During her walkabout of The Rainbow Nation, an exhibition of South African sculpture in The Hague last year — and now on show in adapted form at Nirox Sculpture Park in Johannesburg — 75-year-old Queen Beatrix of Holland paused in front of a rectangular object made by the gnomic Johannesburg artist Willem Boshoff.
The Dutch royal, whose beach umbrella hat matched the colour of her pink business suit, leant forward and touched its surface. She resembled a Braille reader.
Sculpture, unlike painting, still allows for this kind of encounter. Many of the works currently on display at Nirox, notably newcomer Beth Armstrong’s steel cross-section of an eviscerated landscape, will prompt direct physical engagement. Some, like Boshoff’s work Prison Hacks, now back in Johannesburg from Holland, plainly demand it.
Begun in 2003, Boshoff’s series of upright Zimbabwe black granite slabs features sandblasted geometric grooves tabulating the days spent in prison by the eight Rivonia trial accused, including Nelson Mandela. Prison Hacks offers an entrée into Boshoff’s obsessive world of verbal play and hidden meanings.
While researching the work, Boshoff discovered that seven years in prison is regarded as a long time.
“The prisoners speak of it as a ‘neves’, which the Oxford Dictionary defines as an extended period of prison sentence,” explained Boshoff in a 2007 interview. Read backwards, “neves” spells “seven”. Each sequence of hacks on the rectangular slabs counts seven days.
Generic male figures
Following her tactile encounter with Boshoff’s durable and transportable monument last May, Queen Beatrix was chaperoned into a cordoned-off space on Lange Voorhout Avenue. There she unveiled a large granite bust of a larger-than-life generic man balancing a stone on his head.
Since returned to South Africa and currently also on view at Nirox, the work is by Pretoria sculptor Angus Taylor.
Taylor, who was born in Hillbrow and raised in an atheist home while attending a God-fearing Afrikaans school in the Vaal Triangle, showed four works in Holland. Queen Beatrix bought one, two came home, and one was dumped in the North Sea.
Titled Layers of Being, this liquidated work portrayed a naked male figure kneeling on a patch of grey gravel, hands on his hips. The work was made using a large mould, into which Taylor and his team of assistants rammed steel, stone, grass and, controversially, six tons of red earth imported from South Africa.
“The Hague doesn’t have any dirt or dust or shit,” explained Taylor. “They only have manicured clean.”
Customs officials demanded he fumigate the soil. Easier said than done. The director of the Beelden aan Zee, the Dutch host museum, interceded, as did the mayor of Holland’s third-largest city. A compromise was finally brokered: when The Rainbow Nation closed, Taylor’s work had to be dumped in the sea.
Despite the wrinkled noses his name sometimes prompts among the local art illuminati, Taylor is one of South Africa’s most successful sculptors. His generic male figures decorate malls and private residences. Financier Paul Harris has given the artist much leeway at his swish boutique hotel in Cape Town, Ellerman House.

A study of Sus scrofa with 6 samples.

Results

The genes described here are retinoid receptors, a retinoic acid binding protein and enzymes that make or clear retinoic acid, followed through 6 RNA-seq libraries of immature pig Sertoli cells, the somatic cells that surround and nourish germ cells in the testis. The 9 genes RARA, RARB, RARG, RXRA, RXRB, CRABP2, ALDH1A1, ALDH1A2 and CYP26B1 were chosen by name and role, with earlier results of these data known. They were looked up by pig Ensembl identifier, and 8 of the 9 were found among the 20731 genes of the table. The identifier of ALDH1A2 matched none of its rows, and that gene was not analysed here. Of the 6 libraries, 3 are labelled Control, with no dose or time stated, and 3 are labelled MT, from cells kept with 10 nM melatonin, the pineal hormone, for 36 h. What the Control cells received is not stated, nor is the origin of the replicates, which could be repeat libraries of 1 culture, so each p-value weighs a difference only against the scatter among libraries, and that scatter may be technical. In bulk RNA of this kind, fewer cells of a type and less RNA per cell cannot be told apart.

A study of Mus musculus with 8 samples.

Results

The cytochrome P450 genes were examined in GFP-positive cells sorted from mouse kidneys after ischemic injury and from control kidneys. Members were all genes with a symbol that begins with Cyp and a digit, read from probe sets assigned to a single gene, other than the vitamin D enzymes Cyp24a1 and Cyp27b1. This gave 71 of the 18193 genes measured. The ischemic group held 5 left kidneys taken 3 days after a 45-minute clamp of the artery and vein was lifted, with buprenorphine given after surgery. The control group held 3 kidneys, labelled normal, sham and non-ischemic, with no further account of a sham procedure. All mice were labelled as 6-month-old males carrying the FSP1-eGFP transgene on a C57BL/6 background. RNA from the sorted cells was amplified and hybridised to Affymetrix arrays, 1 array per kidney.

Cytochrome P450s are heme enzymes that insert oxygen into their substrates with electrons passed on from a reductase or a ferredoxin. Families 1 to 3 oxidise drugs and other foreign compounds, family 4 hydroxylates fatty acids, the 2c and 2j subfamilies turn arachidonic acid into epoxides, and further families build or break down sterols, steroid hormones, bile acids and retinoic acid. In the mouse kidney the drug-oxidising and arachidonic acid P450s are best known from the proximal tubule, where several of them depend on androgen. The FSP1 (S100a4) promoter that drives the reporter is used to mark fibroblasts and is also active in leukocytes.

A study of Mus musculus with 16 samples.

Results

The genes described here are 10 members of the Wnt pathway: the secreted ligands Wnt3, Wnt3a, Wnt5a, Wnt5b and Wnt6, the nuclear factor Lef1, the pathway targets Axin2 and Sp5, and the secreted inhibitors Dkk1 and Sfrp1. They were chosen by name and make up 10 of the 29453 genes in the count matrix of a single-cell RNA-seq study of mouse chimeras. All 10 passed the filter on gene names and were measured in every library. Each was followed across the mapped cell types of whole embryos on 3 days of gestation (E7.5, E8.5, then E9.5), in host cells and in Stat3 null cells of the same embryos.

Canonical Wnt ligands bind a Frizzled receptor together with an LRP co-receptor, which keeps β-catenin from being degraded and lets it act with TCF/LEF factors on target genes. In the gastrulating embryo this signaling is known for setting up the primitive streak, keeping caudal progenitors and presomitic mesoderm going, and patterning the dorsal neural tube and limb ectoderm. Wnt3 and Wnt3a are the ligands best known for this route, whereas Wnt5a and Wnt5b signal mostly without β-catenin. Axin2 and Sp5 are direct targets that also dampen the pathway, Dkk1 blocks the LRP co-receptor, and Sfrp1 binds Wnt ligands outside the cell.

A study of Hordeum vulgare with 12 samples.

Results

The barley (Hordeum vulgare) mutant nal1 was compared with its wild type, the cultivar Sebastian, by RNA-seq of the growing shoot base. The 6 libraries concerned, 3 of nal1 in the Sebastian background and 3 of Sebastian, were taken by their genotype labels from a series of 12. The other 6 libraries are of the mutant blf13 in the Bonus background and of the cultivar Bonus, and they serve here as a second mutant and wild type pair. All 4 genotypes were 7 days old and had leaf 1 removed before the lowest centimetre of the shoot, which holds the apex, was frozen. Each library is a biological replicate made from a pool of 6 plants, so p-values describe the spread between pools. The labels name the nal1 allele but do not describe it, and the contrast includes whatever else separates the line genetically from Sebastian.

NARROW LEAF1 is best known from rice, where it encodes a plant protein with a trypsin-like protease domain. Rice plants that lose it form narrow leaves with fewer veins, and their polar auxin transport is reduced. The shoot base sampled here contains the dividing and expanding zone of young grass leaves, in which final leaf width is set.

Taylor is indifferent to his critics, partly because of the wandering path he has travelled.
His first serious work after graduating from the University of Pretoria was a parody of a sculpture by Anton van Wouw, a Dutch-born artist and foundational figure in the history of local white settler art. He recalls deriving pleasure skewering “Afrikaners who disliked outspoken atheists and their sons”.
Mawande ka Zenzile (27) is one of the younger artists appearing at Nirox. Like Taylor when he was younger, Zenzile is involved in an argument with tradition. Born in Lady Frere and currently completing his fine art degree at Cape Town’s Michaelis School of Fine Art, Zenzile is interested in literature documenting encounters with “the other”, notably Shakespeare’s The Tempest and Joseph Conrad’s novella Heart of Darkness.
When Nirox’s owner, former attorney Benji Liebmann, invited him to show in Johannesburg, Zenzile made a wooden steamship similar to those used by the Belgians to navigate the Congo River. Better known for his graphically bold paintings and unapologetic videos, Zenzile was drawn to making a steamship after seeing photographs of Nirox. Once a trout fishery, it has abundant waterways.
In 2008, Joachim Schönfeldt floated a boat at Nirox. Its two occupants, James French and Michael Pelzel, played the tuba and soprano saxophone. Richard Forbes has two works installed where Schönfeldt’s boat wended its way: a steel water lily and a 4.5m steel vortex. Taylor also has two works in the waterways.
Other hardy stalwarts appearing on After the Rainbow Nation, the title of curator Mary-Jane Darroll’s Nirox exhibition, include Gordon Froud, Gavin Younge and Samson Mudzunga. Armstrong and Zenzile aside, new names include Rodan Kane Hart. A recent graduate of Michaelis, Hart is gifted with the same pluckiness as Jared Gilman’s Sam character in Wes Anderson’s endearing flick Moonrise Kingdom.
Like Sam, his ideas are still somewhat caught up in the maze of influence. There are lots of Modernist geometries and Ólafur Elíasson-like gee-whizz optical tricks. He uses phrases like “built ideological forms” and “dematerialisation” to talk you through his work.
Here’s a plan: put on a Queen Beatrix hat, head out to Nirox over the weekend and test-touch his work. It is how the resident troop of vervet monkeys routinely welcomes new sculptures to the park.